Federal Crop Insurance policies are “unique creatures” in that they contain an arbitration clause that requires most disputes between an approved crop insurance provider or an AIP and an insured farmer to be arbitrated.
“The qualifier to that,” according to Grant Ballard, an attorney with Arkansas Ag Law based in Little Rock, “is that if there’s a question of policy or procedure interpretation that issue is to be submitted to the USDA Risk Management Agency.
“And then, any ruling on the policy, procedure, application or interpretation is considered binding on the arbitrator,” said Ballard, who gave a legal issues update on the Federal Crop Insurance Program for the National Agricultural Law Center’s monthly webinar series. Ballard spoke on Feb. 17.
While all Federal Crop Insurance policies say disputes must be mediated and then taken to arbitration if not resolved, the Risk Management Agency, which oversees the Federal Crop Insurance Program, attempted to clarify the rules in its 21.1-BR Common Crop Insurance Policy guidance issued last November.
The new rule states the insured farmer must initiate arbitration if a disputed claim cannot be resolved through mediation. Previous rules did not specify whether the insurance provider or the insured farmer had to request arbitration.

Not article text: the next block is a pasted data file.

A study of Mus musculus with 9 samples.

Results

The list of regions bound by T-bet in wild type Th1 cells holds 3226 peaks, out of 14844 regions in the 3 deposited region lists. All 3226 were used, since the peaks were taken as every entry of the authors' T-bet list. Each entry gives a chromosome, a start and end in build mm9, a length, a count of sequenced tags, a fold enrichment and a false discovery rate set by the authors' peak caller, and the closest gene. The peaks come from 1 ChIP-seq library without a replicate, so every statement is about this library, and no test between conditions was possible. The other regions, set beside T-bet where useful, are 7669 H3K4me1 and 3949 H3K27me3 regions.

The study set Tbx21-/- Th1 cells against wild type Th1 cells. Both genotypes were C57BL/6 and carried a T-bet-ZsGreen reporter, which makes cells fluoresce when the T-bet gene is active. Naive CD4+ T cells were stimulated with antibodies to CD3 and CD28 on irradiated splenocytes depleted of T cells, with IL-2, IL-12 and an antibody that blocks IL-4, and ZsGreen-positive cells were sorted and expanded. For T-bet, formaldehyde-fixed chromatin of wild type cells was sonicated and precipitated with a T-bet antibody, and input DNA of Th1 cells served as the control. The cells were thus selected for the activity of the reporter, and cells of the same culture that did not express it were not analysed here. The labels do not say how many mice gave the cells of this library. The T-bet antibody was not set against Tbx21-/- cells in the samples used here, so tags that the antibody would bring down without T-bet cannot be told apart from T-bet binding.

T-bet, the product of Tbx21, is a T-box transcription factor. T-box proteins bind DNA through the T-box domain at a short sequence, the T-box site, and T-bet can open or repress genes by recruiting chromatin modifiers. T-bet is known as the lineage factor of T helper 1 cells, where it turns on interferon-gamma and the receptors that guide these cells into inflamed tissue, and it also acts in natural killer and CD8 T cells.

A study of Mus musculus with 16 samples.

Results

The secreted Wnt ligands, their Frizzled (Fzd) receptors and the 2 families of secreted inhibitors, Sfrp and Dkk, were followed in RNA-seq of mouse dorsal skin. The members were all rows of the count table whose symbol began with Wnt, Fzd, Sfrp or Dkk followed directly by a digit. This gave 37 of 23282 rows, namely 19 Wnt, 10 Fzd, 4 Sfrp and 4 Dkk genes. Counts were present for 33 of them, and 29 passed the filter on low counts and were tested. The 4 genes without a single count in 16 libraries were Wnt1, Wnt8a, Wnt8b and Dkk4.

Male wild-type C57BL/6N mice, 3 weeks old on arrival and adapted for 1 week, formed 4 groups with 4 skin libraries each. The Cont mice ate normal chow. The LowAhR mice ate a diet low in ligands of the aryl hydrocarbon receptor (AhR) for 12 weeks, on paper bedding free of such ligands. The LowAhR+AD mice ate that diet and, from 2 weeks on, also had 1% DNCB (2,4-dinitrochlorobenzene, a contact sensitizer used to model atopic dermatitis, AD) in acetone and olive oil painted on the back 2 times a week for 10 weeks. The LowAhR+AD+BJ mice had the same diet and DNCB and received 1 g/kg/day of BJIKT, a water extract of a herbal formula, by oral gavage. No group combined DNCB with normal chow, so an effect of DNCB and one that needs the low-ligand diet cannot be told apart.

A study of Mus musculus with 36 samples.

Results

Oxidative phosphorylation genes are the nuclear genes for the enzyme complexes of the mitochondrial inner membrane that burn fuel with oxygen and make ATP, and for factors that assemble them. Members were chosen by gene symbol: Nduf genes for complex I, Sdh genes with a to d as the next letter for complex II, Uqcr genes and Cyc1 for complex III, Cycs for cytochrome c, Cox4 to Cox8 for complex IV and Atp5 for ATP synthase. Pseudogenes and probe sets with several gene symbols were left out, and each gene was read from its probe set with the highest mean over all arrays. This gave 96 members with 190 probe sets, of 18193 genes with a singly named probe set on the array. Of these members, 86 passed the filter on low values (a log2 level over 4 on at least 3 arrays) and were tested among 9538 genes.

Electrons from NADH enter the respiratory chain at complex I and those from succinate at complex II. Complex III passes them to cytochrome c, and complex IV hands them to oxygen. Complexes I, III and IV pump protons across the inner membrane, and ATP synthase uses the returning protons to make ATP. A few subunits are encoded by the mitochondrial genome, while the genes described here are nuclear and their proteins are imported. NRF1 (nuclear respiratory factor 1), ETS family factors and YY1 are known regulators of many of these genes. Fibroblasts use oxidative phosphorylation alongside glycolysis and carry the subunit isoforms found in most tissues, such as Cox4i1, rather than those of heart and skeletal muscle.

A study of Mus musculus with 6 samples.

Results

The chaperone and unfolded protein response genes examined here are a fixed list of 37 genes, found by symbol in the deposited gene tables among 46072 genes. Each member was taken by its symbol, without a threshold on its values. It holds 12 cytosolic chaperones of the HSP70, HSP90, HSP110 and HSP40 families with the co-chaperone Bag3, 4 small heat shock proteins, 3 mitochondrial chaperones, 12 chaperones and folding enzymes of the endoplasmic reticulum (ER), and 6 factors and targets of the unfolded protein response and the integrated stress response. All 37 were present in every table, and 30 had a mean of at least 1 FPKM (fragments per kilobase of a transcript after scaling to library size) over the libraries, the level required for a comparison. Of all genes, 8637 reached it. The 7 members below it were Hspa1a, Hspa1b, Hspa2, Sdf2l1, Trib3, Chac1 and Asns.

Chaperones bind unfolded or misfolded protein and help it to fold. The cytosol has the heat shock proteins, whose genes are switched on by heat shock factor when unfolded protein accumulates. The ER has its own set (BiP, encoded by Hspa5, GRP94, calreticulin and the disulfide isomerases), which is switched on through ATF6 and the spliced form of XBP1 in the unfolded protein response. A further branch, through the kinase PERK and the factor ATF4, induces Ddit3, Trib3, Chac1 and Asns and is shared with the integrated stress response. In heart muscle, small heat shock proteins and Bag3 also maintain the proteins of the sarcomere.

“So arbitration is required, but the state of the law as the courts have addressed it across the country is unclear on who has the burden to initiate arbitration,” said Ballard. “There were district court opinions going both ways. I would say no appellate court in this country that I'm aware of ever addressed this question.
“I think RMA tried to solve that issue, but I don't think it's been resolved in my opinion. I’m not sure an appellate court will affirm a finding that the failure of an insured to initiate arbitration when the insured did not seek a judgment or any relief means a farmer has waived his rights to contest an alleged debt to an AIP.
“I think there's some issues to be resolved, especially in cases where it is the crop insurance company that seeks relief or damages as opposed to the farmer,” he said. “I think it's clear now that if a farmer's claim is denied and that farmer seeks relief in the form of a money judgment, the farmer has to initiate the arbitration process.”
If an insurance provider says an insured farmer owes it money, “I think there's some unique issues there that will make their way into the courts in the future.”